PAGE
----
The Region

December 1998 Issue

Top of the Ninth


From Morality to Moscow

Special section includes seven papers from leading authorities on economic literacy

  • Hope and Danger for Economic Literacy
  • Why it's Important to Understand Economics
    Some may think that economics is too difficult a subject to be taught to children and youth, and that such instruction should wait until college. Nothing could be more incorrect.
  • Moral Misunderstanding and the Justification of Markets
    I suggest that many of our students, including some of our most thoughtful ones, are reluctant to let themselves be captured by the economic way of thinking because they see economic theory as at bottom an elaborate justification for an immoral society.
  • How Economists Can Improve Economic Education
    Teaching them well is part of the solution. But it is not enough. We should increase our participation in programs designed to provide economic training for K-12 economics teachers.
  • Who Values Economic Literacy?
    Even if we had better data on total dollar value of this support for economic education, we would not be able to identify the benefits to an individual on completing a course or curriculum in economics.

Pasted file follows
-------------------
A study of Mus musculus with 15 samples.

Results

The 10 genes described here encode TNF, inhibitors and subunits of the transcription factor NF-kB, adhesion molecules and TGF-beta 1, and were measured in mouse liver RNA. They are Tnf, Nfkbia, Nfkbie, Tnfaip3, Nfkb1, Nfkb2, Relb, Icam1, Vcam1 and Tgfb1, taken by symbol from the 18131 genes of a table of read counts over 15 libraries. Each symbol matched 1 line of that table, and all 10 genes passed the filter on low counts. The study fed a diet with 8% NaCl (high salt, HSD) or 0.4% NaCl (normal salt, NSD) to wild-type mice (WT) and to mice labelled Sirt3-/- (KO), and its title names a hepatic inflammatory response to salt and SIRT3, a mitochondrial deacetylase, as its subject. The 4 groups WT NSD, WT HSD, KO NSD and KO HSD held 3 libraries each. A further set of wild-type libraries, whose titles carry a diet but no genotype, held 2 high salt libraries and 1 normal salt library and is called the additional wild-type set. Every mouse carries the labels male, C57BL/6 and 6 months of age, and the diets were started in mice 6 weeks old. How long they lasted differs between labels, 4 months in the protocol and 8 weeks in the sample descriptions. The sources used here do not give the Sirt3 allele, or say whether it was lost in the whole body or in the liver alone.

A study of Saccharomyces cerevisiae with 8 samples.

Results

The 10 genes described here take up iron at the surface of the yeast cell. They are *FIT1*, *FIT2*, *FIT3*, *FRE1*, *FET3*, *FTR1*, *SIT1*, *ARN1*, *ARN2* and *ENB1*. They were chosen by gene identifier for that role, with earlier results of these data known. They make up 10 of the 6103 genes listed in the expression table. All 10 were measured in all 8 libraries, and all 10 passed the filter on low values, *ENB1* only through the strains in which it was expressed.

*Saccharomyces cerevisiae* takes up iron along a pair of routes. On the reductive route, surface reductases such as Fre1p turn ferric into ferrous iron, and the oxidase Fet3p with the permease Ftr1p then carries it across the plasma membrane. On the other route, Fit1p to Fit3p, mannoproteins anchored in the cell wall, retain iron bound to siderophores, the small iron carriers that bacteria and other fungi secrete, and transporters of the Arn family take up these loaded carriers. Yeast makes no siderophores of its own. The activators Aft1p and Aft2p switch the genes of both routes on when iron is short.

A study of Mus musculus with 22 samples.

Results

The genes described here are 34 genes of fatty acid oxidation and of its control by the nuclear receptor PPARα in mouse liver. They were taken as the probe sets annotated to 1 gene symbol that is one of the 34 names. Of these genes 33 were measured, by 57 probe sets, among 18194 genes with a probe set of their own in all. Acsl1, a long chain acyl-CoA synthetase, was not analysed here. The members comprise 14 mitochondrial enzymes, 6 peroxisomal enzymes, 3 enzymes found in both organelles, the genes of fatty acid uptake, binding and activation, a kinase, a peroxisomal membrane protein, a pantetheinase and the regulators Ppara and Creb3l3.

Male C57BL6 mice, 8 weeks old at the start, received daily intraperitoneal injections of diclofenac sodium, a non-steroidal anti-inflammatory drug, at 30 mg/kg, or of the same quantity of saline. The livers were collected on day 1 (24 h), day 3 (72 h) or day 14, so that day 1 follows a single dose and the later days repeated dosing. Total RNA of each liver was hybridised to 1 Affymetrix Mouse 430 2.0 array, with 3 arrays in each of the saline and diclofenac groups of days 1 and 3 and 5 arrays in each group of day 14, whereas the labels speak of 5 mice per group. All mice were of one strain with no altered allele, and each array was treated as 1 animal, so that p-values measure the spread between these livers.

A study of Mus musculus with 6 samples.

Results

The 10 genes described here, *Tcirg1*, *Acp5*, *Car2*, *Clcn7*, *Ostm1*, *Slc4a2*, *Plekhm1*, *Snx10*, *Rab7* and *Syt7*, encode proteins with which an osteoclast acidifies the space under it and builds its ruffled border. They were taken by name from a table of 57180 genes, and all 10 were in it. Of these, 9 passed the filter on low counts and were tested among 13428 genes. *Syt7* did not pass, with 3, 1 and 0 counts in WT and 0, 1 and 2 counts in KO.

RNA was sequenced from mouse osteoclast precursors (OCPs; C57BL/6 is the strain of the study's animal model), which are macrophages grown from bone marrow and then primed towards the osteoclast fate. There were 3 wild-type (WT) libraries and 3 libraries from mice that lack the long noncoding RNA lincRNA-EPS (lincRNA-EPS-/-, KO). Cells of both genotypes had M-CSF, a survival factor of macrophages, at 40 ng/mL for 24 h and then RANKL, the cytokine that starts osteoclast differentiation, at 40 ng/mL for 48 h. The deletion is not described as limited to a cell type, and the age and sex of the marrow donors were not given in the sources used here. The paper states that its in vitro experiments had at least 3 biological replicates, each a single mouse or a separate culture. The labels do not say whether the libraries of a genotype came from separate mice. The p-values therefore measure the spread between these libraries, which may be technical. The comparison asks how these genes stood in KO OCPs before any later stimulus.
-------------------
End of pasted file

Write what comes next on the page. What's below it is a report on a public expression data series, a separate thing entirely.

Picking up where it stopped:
• The Challenge of Economic Literacy in Post-Soviet Countries
    Russia's economic crisis is the most immediate, but fear runs through the other transition economies of the former Soviet Union and Central and Eastern Europe. What can economic literacy mean in a region where the road to a market economy is so rough?
  • The Case for Economics in the Elementary Classroom
    If economics is such an integral part of people's lives and an understanding of economics is critical in helping people comprehend the modern world and make decisions that shape the future, then why isn't economics taught in the schools beginning in the elementary grades?